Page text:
Melissa Hawkins, a middle school special education teacher in Baltimore, believes that reading year-round is a critical component of student’s academic success.
As the chairperson of the Reading Committee at her school, she is the driving force behind several innovative reading initiatives that use a multi-pronged approach to engage and motivate students all year long. For example, STRIVE for 25! rewards students when they read 7, 14, 21, and 25 books by the end of the school year with a variety of prizes including snack coupons, certificates of completion, and a chance to win a Kindle.
However, this is just one part of the equation. Ms. Hawkins also teaches Baltimore educators about Bookshare in conjunction with the Baltimore County S.T.A.T. (Students and Teachers Accessing Tomorrow)—an initiative that ensures that every school has a digital learning environment to prepare globally-competitive students—and the Maryland Assistive Technology Network (MATN) at Johns Hopkins University Center for Technology in Education.
“In my presentations, I see general and special education teachers realize the value of accessible books because as students understand what they read, they read longer, they build fluency, and they receive reinforcement. Their confidence grows and they begin to tackle books on or above grade level.”
Public Library Program Helps Students “SAIL” through Summer
Ms. Hawkins’s advocacy efforts do not stop after the final school bell rings. She knows that summer reading is just as critical as reading during the school year to maintain learning levels. According to a study by the American Library Association, “Independent Reading and School Achievement,” students who use their public libraries and read independently achieve greater success in school. This summer, through a partnership with the county library system, teens receive a special library card that allows access to print books, ebooks, audio books, databases, digital resources and more. The program is called SAIL – Students Achieve in Libraries. Ms. Hawkins promotes the county library system’s summer reading program in collaboration with the Library Media Specialist. The program incentivizes students to read over the summer with prizes such as gift cards and a Kindle if students read three or more books.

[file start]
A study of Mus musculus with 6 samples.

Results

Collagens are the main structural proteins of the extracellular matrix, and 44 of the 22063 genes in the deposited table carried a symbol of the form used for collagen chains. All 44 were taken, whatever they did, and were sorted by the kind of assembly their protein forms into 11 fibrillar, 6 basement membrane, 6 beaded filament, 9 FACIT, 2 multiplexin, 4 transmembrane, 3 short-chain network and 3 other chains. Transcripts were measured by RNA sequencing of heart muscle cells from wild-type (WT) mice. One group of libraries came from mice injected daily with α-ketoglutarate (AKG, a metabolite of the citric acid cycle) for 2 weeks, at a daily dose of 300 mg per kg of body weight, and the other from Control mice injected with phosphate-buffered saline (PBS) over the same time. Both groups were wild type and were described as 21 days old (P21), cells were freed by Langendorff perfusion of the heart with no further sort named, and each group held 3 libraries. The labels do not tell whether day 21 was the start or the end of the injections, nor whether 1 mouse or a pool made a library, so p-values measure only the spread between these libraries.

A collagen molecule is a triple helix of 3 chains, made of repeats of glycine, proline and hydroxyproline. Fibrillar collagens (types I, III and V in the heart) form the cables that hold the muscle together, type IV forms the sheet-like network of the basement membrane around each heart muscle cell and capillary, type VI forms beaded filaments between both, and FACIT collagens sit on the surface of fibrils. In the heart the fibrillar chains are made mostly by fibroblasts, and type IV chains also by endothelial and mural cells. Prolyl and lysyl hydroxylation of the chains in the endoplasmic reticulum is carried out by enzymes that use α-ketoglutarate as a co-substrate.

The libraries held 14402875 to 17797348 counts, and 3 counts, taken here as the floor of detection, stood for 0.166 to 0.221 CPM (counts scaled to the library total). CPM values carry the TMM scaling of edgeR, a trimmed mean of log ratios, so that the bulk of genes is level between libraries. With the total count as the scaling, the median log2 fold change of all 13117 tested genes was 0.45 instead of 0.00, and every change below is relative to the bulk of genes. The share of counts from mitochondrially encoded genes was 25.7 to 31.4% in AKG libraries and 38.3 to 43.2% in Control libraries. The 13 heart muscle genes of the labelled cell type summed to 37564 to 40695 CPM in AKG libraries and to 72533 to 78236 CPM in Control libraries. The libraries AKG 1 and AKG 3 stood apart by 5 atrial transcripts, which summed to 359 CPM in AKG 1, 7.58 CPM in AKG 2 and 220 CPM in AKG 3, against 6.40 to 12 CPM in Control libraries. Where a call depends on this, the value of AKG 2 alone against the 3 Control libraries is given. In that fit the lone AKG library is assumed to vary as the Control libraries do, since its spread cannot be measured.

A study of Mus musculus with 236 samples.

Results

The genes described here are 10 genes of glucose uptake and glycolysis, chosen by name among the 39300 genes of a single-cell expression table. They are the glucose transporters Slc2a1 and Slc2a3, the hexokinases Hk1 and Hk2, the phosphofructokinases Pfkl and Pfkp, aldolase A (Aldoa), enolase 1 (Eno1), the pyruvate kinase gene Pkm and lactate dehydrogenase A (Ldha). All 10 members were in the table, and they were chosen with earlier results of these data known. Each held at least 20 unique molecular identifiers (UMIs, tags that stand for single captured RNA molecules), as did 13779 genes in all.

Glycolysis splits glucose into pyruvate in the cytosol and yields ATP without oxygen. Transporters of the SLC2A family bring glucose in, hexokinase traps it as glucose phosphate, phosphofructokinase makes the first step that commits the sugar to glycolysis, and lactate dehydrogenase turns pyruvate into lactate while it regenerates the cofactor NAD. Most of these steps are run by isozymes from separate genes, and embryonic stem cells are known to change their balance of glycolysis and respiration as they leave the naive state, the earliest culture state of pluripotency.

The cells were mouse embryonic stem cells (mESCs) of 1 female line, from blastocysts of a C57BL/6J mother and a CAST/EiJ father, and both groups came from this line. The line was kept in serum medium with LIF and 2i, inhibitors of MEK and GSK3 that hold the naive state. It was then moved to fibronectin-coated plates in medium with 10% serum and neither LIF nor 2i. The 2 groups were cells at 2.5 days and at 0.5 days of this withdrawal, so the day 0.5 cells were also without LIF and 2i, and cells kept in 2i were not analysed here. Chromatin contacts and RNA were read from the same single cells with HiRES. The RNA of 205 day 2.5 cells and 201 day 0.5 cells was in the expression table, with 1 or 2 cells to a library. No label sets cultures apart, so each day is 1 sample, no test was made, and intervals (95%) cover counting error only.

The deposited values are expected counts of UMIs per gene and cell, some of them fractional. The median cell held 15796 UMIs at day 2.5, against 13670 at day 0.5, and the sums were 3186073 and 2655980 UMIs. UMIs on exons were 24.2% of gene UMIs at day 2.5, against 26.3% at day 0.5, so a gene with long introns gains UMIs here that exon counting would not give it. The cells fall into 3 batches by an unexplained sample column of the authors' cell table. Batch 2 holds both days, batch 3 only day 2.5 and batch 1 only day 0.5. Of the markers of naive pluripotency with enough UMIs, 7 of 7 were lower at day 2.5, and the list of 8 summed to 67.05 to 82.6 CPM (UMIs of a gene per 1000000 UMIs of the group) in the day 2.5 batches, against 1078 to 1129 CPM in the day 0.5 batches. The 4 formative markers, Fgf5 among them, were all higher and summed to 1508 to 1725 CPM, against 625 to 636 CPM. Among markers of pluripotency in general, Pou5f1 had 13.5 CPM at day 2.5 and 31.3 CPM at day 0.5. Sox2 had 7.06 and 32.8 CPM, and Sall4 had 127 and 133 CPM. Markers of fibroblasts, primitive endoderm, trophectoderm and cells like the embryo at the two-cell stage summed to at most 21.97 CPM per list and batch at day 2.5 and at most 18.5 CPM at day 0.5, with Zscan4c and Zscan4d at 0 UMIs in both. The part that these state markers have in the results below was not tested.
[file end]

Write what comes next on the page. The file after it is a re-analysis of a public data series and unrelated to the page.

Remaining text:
“Teachers are always concerned about the drop in skills over the summer,” says Ms. Hawkins. “With Bookshare and accessible books and programs like SAIL, we can help to prevent summer slide. Reading accessible books enables students with print disabilities to experience reading in multi-modal ways,” she says. “As students hear books aloud, learning comes alive and they play an active role in reading.”
Are you looking for a fun and engaging summer reading program for students? We have just what you’re looking for. Learn more about Bookshare’s super fun Turn It Up & Tell the World Summer Reading Challenge!